December 11, 2009 | Grades 1 & 2 In This Issue: The Promise Academy; A New Space Plane; Christmas Bird Count
Helping Students Succeed Geoffrey Canada promises parents one thing: that after attending his school, their children will go on to college. Canada runs the Promise Academy Charter Schools in Harlem, which have helped low-achieving students in New York City break a pattern of academic failure. The three schools and a community organization called the Harlem Children's Zone (HCZ) are giving kids from this poor neighborhood opportunities that kids who are better off may take for granted, including smaller class size and a stable, disciplined environment. In these and other ways, Canada has eliminated the achievement gap between black and white students. The HCZ program has been so successful that President Obama has announced plans to create 20 such neighborhoods across the country. Tell your child that poverty and other factors beyond kids' control sometimes get in the way of a good education. A man named Geoffrey Canada is working to change this. Watch Geoffrey Canada on 60 Minutes.
Talk with your child about his or her class. Together, make a list of a few favorite things about school. Is there anything he or she doesn't like? What is it and why?
Tell your child that Geoffrey Canada promises parents their kids will go to college. Discuss what it means to make a promise. Suggest that he or she come up with one thing to learn or do by the end of the school year. Write down the promise and together brainstorm ways to make it happen.
Compare Communities: Have your child think about ways that he or she might be similar to a child that lives in the city.
A Ticket to Space If you've ever dreamed of going into space, then your rocket has arrived—as long as you have $200,000 to spare. Virgin Galactic has unveiled a commercial spaceship, the first of its kind. The craft, called SpaceShipTwo, seats six and is designed to take passengers on a 2 1/2-hour joy ride beyond the Earth's atmosphere. Some 300 thrill seekers have signed up to be among the first, but they will have to endure a bit of a flight delay; SpaceShipTwo won't officially launch until 2011, after test flights. For now, this animated flight video from Virgin Galactic will have to do.
Share this with your child:Passengers will experience five minutes of weightlessness during the flight.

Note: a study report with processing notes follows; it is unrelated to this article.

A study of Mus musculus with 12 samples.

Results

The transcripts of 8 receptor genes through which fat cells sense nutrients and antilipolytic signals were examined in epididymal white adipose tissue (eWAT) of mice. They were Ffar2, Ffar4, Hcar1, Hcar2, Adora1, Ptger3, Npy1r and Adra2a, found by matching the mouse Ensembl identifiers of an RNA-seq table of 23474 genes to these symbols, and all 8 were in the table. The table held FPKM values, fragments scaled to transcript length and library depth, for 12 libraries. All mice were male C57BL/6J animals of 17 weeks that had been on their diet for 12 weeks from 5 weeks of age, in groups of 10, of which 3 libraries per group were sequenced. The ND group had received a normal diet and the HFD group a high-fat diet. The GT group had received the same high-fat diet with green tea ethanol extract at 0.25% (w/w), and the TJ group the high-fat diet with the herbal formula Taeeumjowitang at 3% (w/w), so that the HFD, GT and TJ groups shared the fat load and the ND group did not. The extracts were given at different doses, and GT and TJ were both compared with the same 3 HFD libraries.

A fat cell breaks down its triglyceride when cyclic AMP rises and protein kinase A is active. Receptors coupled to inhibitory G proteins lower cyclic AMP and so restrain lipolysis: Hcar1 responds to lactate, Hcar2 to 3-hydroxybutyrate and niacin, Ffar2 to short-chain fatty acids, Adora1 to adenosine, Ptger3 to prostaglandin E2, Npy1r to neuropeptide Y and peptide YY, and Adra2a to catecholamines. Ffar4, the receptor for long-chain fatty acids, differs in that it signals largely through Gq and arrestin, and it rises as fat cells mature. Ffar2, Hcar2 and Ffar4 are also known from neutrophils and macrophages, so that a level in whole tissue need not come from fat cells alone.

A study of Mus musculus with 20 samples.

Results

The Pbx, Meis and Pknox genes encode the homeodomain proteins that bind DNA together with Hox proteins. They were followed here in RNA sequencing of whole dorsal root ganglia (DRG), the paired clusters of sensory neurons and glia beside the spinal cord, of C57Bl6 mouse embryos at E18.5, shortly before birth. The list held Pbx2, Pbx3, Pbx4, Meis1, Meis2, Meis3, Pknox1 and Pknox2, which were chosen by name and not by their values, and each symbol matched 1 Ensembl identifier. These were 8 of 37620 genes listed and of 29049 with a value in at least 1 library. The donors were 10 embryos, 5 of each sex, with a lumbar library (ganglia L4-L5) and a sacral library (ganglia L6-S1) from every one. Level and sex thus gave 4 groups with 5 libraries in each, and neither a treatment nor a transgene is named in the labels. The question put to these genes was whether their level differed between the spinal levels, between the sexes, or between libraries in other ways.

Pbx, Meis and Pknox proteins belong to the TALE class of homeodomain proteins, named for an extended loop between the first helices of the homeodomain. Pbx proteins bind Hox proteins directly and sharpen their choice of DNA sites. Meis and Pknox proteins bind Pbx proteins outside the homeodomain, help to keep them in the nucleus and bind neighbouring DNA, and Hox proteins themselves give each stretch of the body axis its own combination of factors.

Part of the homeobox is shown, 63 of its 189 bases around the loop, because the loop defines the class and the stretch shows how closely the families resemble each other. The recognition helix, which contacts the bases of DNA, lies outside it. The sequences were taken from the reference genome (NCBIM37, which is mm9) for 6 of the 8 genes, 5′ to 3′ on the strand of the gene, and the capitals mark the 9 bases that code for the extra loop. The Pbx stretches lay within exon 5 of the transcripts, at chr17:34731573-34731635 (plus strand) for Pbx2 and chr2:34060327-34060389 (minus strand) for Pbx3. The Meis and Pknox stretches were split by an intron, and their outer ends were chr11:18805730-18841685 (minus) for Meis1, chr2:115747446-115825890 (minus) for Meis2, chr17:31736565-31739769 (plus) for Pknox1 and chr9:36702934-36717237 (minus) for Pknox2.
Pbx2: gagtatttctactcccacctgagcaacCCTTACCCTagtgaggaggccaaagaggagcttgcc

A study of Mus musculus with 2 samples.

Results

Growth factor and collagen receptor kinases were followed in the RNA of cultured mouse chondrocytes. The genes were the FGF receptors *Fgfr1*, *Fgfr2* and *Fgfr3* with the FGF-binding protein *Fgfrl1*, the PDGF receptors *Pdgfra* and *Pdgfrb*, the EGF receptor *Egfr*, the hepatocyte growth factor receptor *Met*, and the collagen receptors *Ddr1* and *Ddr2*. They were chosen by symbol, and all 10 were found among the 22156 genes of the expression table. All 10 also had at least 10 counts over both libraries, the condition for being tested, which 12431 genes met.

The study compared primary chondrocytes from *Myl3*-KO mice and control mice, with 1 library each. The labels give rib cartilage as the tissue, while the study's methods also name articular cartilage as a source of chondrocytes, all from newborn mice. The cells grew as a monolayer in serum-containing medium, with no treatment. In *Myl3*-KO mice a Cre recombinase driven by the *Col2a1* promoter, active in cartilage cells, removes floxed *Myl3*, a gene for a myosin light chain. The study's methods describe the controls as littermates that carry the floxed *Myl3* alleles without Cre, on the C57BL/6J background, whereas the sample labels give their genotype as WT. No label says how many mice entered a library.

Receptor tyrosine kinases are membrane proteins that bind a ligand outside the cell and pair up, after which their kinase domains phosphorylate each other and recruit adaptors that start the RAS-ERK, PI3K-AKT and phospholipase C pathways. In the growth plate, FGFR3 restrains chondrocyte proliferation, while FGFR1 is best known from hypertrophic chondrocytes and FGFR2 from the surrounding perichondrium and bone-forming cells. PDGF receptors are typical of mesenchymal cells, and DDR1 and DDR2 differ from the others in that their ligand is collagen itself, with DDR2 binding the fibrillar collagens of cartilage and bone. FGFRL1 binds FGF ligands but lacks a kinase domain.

Tell your child that NASA astronauts spend time training in a pool to prepare for space flight. ASK: How might working underwater prepare them for space?
Visit the Exploratorium's calculator to see how much your child would weigh on other planets. NUMBERS: Have your child figure out how much more or less he or she weighs on each planet compared with Earth. Suggest your child draw the planets with Earth in the middle; then order the planets as such—the "greater than" planets in ascending order to the left, the "less than" planets in descending order to the right.
See images of the Wright Brothers famous first. ASK: Do you see any similarities between the Wright Brothers plane and the ones we fly in today? Use a Venn Diagram to identify the shared features as well as those that are different.
Big Bird Count
The Audubon Society's 110th annual Christmas Bird Count takes off on December 14. Every year, tens of thousands of volunteers join the effort to identify and record the birds in their area. The data gathered by these "citizen scientists" help researchers better understand how birds and their environment are faring, as well as what needs to be done to protect them. Suggest to your child that you join the bird count. Or set up a bird feeder and conduct your own count without leaving home.
Research with your child the kinds of birds that winter in your area. Use the information to make your feeder as inviting as possible.
Set aside 15 minutes at least once a day to watch the birds at your feeder. Have your child record the different visitors. Pick at least three birds to follow closely each day.
After a weekend's worth of research, help your child make a chart identifying the birds that made daily visits to your feeder. If possible, include a photo of each bird, as well as information about its appearance, behavior, frequency of visits and eating habits.
Have your child compare his or her data to the pre-feeder research. ASK: Were there any "surprise" visits by birds that hadn't shown up in your research? Did your child expect to see a particular bird that never showed? Why might scientists want to keep track of the bird population from year to year?
Achoo! Eew! Tired of telling your child to cover his or her mouth during a cough or sneeze—only to be ignored? Sometimes, a picture is worth a thousand germs... This CDC photograph of a sneeze might be just the right medicine to cure your child's bad habit.